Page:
For a health system, building local trust can take years. But, if that trust is needed to meet an immediate need, one way to gain it is simply to ask community residents who they trust and to work with those individuals and institutions to meet the current challenge.


“Trust is really the cornerstone to improving how we deliver health care in the United States and to do so more equitably,” she said. “For a variety of reasons that vary from community to community, we have a system where there is broken trust.”

Dr. Bhavan was the guest on “Health Equity: The Importance of Building Trust,” an AMA STEPS Forward™ podcast episode in which she discussed how Parkland used its community health needs assessment to identify inequities and gaps in care—and then sought out trusted members of the community to help in its efforts to fill those gaps.


In fact, the influenza and pneumonia age-adjusted mortality rate for the 75217 ZIP code was 2.3 times higher than other areas in Dallas County in 2019.

“It’s alarming and you have to ask yourself ‘Why is this happening?’” she said.

Dr. Bhavan showed the “heat map” illustrating the pneumonia-influenza mortality rates to students at Cristo Rey Dallas High School, a college preparatory school that provides professional work experience in students’ desired careers.

“This is health segregation!” Dr. Bhavan recalls one student exclaiming upon seeing the map.

Dr. Bhavan and the Center for Innovation and Value at Parkland worked with students interested in health care careers to cocreate immunization-promoting messages. “This led to really digging deep into why is this happening and thinking about what the barriers and trust issues were, and working with the high school students that want to be doctors and nurses someday and saying: ‘Hey, rather than you following me, why don't we follow you into the community?’” she said.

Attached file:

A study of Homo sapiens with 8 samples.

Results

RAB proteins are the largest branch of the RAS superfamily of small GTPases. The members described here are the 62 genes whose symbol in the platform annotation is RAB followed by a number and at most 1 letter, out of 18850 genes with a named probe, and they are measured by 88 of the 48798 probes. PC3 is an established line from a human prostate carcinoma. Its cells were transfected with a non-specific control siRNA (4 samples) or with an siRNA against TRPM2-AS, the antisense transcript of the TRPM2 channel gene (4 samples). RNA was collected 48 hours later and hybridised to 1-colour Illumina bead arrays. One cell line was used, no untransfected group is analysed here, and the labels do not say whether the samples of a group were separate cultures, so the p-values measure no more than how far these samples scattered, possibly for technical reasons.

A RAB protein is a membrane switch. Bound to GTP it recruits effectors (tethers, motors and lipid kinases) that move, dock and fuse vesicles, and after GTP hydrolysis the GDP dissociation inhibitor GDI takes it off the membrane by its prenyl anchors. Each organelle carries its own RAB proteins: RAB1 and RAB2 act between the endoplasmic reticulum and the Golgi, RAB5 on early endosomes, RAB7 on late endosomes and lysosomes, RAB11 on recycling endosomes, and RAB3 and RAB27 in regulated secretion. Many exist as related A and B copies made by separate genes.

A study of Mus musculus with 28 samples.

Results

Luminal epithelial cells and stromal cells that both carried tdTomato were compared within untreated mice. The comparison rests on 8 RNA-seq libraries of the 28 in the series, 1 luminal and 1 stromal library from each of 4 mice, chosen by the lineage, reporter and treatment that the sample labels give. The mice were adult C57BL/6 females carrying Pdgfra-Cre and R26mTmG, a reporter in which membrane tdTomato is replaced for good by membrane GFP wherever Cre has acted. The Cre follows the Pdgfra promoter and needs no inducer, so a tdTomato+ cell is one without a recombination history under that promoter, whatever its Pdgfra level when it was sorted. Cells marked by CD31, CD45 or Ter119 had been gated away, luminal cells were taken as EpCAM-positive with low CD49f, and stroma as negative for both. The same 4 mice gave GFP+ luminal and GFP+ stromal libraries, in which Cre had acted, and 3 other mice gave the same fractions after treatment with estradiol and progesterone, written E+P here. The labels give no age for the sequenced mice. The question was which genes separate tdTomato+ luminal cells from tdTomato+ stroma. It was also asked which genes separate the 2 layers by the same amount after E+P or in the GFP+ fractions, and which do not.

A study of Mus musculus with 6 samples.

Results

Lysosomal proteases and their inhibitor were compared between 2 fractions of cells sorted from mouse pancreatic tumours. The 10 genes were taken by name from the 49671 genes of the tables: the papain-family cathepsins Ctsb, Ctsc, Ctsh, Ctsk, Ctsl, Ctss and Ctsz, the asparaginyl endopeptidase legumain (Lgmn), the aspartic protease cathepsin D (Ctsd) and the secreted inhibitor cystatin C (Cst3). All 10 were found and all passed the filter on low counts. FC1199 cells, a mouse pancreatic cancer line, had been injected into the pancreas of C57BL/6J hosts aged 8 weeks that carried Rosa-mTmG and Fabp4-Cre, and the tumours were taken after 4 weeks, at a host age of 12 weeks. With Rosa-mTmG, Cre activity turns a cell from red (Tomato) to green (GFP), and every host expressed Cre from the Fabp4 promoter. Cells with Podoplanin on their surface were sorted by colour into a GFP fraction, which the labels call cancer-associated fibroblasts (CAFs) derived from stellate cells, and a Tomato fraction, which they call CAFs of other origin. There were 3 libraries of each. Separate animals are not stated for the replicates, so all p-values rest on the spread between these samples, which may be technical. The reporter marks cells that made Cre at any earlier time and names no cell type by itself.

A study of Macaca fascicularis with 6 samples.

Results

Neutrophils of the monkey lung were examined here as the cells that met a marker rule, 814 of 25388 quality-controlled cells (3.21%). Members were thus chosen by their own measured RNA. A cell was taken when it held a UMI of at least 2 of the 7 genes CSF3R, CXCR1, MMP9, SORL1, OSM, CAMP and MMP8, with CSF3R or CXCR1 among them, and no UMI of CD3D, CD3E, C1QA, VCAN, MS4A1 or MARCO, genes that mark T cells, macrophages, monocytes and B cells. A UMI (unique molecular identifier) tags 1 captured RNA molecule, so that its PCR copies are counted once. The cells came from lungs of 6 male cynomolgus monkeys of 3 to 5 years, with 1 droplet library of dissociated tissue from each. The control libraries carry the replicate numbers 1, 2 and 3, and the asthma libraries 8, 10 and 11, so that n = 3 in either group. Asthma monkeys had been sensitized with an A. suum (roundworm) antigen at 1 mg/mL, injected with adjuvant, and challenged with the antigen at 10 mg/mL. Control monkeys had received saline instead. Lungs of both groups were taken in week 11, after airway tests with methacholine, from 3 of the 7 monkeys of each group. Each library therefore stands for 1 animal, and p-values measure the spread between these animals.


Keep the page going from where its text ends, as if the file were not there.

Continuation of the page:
To reduce fear, for example, images of bandages—instead of syringes—were used to illustrate the promotional materials, which also included information on morbidity and mortality linked to infection and the importance of vaccination as a preventive measure.

These messages were disseminated through the bulletin of the local Catholic church, Spanish-language radio stations, food banks and grocery stores over a three-week period.

Almost 400 people were vaccinated at the student-led event in January 2020 and around 1,000 more received a flu vaccine at three other events in the area, which were held on Sundays after church services.

A little more than 61% of those vaccinated at the student-led event participated in a survey with 81.3% of respondents saying they were uninsured, more than 15% said they had never received an influenza vaccine before, and 37.3% saying they had been vaccinated in the last year.


On the podcast, Dr. Bhavan noted the enthusiasm of the students.

If asked, their reaction is, “Oh, we’re saving lives,” she said.

In the Health Equity report, Dr. Bhavan and her co-authors suggest their approach could be borrowed by others seeking to raise COVID-19 vaccination rates.

“Health care systems and providers can begin to bridge an existing gap, recognizing the importance of both the message and messenger when designing campaigns to increase trust, confidence, and ultimately improved vaccination rates for communities with health disparities,” they wrote.

Find out about the compelling research, discussions and opinions on tap with these original podcasts from the AMA. Each podcast is available through Apple Podcasts, Spotify, Simplecast and other listening services.